Mark Hughes says the Spanish GP will be “crucially important” for Mercedes

© Wolfgang Wilhelm for Daimler AG

Sky Sports F1’s Mark Hughes provides an analysis of why the Spanish Grand Prix will be “crucially important” for Mercedes, and why Toto Wolff might have some “tough choices to make”.

In his Sky Sports F1 column, respected F1 journalist Mark Hughes analysed Mercedes’ current situation as the team approaches this weekend’s Spanish Grand Prix.

The Briton highlighted the importance of Mercedes returning to the track on which they tested their first more conventional version of the W13, before they introduced the current ‘zero-sidepod’ concept.

“The Spanish Grand Prix this weekend will be a crucially important event for Mercedes,” Hughes wrote.

“The opportunity to compare the performance of the troubled current W13 with the original, quite different, car which tested here during the pre-season will be invaluable – and any lessons learned from that comparison may then have an impact not just on what Mercedes does for the remainder of this season, but also the concept of its 2023 car.

“Porpoising has been the number one issue with the car and although all teams have suffered with this phenomenon to a certain extent, it is the relatively low-speed range and severity with which it is triggered which has so limited the Mercedes.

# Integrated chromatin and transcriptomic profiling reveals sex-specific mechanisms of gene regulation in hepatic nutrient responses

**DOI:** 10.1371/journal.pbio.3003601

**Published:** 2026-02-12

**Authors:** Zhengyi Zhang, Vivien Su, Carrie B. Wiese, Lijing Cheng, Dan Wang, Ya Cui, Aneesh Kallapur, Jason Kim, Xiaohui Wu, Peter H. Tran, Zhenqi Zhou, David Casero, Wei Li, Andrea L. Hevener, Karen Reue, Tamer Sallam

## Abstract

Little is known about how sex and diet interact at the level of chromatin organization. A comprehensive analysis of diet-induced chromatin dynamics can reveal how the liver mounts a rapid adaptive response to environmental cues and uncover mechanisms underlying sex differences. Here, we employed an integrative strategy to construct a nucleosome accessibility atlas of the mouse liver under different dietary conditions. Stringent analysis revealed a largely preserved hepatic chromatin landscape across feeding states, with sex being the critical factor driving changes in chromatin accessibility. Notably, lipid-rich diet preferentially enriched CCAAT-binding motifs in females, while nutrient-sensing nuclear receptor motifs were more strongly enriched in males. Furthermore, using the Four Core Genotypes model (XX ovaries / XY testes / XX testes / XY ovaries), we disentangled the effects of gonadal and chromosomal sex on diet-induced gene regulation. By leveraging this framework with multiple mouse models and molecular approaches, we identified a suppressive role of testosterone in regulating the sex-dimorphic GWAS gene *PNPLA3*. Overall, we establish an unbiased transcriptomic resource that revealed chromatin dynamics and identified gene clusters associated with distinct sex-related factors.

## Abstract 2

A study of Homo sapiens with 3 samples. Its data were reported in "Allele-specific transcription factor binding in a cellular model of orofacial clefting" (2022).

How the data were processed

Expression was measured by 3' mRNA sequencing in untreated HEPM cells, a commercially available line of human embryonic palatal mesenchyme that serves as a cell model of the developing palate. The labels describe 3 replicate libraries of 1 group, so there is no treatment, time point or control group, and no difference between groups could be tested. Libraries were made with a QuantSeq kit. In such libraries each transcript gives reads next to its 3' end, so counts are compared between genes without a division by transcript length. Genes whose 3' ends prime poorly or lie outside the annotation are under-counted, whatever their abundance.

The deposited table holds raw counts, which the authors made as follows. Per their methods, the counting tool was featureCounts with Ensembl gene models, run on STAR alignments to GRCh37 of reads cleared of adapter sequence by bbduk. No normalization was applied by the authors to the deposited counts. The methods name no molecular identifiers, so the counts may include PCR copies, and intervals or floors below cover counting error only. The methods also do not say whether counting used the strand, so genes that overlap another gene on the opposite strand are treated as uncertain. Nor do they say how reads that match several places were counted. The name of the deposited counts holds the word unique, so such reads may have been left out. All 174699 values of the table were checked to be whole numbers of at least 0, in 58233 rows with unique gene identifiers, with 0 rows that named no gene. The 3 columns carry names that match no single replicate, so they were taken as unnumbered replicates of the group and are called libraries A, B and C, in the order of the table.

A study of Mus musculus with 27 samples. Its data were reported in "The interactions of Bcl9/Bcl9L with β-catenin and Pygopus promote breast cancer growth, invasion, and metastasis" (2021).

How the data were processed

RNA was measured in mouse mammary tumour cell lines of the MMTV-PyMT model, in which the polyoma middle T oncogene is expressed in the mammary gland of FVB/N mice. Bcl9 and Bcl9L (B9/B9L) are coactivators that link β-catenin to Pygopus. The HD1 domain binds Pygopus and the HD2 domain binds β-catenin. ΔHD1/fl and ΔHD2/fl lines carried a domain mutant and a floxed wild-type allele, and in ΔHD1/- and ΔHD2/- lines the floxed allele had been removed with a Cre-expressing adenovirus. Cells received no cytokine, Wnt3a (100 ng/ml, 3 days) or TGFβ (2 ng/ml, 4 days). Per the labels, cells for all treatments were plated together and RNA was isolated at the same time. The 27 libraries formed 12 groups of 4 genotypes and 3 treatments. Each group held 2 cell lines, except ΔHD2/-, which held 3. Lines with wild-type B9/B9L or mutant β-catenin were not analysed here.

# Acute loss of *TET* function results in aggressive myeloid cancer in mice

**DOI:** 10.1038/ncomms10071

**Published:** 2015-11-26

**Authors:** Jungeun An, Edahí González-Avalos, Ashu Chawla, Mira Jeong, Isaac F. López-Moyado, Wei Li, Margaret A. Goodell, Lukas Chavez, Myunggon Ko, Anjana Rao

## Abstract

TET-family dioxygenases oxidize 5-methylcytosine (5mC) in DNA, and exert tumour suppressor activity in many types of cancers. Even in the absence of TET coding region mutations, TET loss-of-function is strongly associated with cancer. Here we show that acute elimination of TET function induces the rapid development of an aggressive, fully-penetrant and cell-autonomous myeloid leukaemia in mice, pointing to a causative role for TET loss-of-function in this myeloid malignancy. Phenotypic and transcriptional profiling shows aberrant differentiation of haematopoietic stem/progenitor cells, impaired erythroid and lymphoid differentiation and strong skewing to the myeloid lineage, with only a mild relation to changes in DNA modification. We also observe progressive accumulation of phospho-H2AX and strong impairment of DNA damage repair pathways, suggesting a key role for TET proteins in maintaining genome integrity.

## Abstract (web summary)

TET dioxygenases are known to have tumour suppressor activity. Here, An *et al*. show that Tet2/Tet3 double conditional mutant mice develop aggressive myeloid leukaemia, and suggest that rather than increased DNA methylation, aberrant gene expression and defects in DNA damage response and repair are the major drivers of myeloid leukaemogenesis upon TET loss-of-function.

“That simulation continues to suggest that if the car could be run at the lower ride height for which it’s designed, the performance would be spectacular enough to allow the car to dominate even Red Bull and Ferrari.

“The question of course is whether it is even feasible to run the car at those ride heights upon which such performance is predicated.

“Is this just the physical world imposing its realities upon an invalid set of assumptions in simulation? Or is there a way of controlling the porpoising in a way which would allow access to all that theoretical performance?

“Mercedes were hoping that the data from the last set of updates at Miami would reveal a direction to follow in controlling that underlying problem.

“But the immediate post-race picture after a race in which the car was as far off the front-running pace as ever did not look promising in that regard.



“The hope was that a deep dive into the data once back at base might be more revealing.

“The hope now is that this weekend’s data comparison with the original spec car at the same track may also help in understanding what is triggering the extent of the problem.

“One of the theories is that the big expanse of exposed floor created by the extremely narrow sidepods means the floor cannot be made stiff enough to prevent it flexing enough to stall the underbody airflow.

“It could be that the underfloor design itself is too aerodynamically powerful for what is structurally possible with the floor. The answer could be a combination of those and other factors.

“But if there is no sign of progress in Barcelona this weekend, Toto Wolff knows he has some tough choices to make,” Hughes concluded.